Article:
Dublin is the busiest place I have been in a long time. It reminds me of New York, although I’ve never actually been there. A majority of the main shops and attractions are in once central area and there is a constant flow of people. After living in Section, Alabama this summer (population 800) it is kind of shocking being in this environment but I am adjusting.
We got on a hop on/off bus so we could have commentary while touring the city and it took us to all the places one must visit while in Dublin. First stop was Sunday service at St. Patrick’s cathedral. The church building, choir, and organ were magnificent and to think a church had been on the spot since the twelfth century was also astounding. In accordance with European culture we headed to the Jameson Whiskey Distillery right after that. The Guinness brewery is what most tourists go see, but drinking Guinness is similar to drinking a milkshake made with a pound of wheat and barley with a hint of bitterness thrown in the mix. The Jameson distillery was well done and at the end six people in each tour group got to become Official Whiskey Tasters. They compared the three most popular Irish Whiskeys, a Scotch, and Jack Daniels to Jameson and chose their favorite. Of course, almost all the people chose Jameson. Two of my Furman friends were chosen for this coveted title and luckily they were still walking when we left the distillery.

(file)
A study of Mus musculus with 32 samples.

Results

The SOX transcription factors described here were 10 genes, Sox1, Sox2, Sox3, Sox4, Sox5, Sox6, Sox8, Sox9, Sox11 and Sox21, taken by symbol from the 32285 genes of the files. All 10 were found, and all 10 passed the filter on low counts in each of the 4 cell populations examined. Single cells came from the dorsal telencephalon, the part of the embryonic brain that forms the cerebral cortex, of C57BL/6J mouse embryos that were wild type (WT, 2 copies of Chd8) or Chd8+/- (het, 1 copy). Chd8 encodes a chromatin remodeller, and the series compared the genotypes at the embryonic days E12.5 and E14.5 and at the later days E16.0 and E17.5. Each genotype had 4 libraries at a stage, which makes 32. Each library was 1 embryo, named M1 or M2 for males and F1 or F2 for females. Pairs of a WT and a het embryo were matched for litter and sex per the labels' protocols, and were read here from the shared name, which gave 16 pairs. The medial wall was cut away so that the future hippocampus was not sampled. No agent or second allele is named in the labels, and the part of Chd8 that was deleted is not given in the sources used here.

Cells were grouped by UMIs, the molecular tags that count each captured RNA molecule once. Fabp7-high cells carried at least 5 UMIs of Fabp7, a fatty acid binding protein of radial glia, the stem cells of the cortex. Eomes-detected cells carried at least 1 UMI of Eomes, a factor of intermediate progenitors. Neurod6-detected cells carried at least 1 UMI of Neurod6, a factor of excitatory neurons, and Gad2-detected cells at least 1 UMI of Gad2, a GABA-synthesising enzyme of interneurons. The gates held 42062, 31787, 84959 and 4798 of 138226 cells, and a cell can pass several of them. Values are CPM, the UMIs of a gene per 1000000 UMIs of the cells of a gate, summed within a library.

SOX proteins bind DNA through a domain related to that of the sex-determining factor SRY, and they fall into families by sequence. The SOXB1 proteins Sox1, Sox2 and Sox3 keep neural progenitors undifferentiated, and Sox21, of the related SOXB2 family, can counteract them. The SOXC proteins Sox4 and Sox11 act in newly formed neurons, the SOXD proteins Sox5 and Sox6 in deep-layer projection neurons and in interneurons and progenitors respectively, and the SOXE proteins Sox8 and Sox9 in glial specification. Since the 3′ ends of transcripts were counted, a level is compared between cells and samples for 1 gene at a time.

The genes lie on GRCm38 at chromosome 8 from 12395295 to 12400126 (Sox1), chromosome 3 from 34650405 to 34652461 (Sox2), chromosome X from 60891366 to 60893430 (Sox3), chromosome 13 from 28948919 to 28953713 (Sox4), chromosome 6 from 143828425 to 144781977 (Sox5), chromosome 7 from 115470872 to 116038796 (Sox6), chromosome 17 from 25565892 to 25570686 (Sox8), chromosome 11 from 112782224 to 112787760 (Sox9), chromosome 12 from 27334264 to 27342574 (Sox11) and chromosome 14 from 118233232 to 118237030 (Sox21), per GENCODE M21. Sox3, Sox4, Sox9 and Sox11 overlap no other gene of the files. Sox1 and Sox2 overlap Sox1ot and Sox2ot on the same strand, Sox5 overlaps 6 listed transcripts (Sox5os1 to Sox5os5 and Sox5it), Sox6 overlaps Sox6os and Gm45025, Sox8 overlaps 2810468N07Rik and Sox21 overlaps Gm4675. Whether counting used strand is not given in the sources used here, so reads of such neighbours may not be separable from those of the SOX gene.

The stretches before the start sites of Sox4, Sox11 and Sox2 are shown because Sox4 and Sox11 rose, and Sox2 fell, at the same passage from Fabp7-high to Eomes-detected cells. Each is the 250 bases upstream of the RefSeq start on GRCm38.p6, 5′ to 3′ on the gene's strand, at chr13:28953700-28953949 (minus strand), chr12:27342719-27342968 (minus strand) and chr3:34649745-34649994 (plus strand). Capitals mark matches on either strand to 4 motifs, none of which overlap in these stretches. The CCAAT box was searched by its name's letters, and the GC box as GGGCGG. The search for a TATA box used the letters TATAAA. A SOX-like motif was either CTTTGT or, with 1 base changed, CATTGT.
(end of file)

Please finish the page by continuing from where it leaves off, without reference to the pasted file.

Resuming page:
Monday we went to Trinity College to see The Book of Kells – a pictorial guide to the Gospel made by monks to help convert the people of Ireland. Afterwards I wanted to head to St. Michan’s Church to tour their crypt but no one seemed too interested in going with me. I arrived at the small church and the guide came and got two other men and me. He unlocked the hatches to go below the church and we proceeded to walk through the concrete tunnel and pass by caged doorways through which you could see coffins stacked to the ceiling. I don’t get scared too easily, but the way the guide kept lowering his voice and the fact we were surrounded by coffins wasn’t too comforting. In the first part of the crypt one room was lit up since it was no longer active, meaning families couldn’t put anyone else in there. There were many ornate caskets from Dublin’s aristocrats. The combination of dry air, methane gas, and the temperature cause the bodies to be quote “in a wonderful state of preservation, though not embalmed.” This was evident when he took us to the room where you could view bodies since their caskets had broken open. Four bodies lay there and he let us enter in and see their toenails and other parts that were so wonderfully preserved. Most exciting was the corpse of a Crusader whose legs were crossed in an X fashion to signify this. He said people in the days of old used to touch Crusader’s bodies for good luck. Then he asked us if we wanted to improve our luck. We all got to go in and shake the man’s hand which still had skin on it. I bought a scratch lottery ticket later that day, but I didn’t win.
Since it was the annual KA Registration Night party at Furman we couldn’t let the night pass us by here in Dublin. At a nightclub Bridget proceeded to request country favorites such as Country Roads, Sweet Home Alabama, and others the singer knew and all of the KAs and girls danced in front of the crowd while others slowly joined.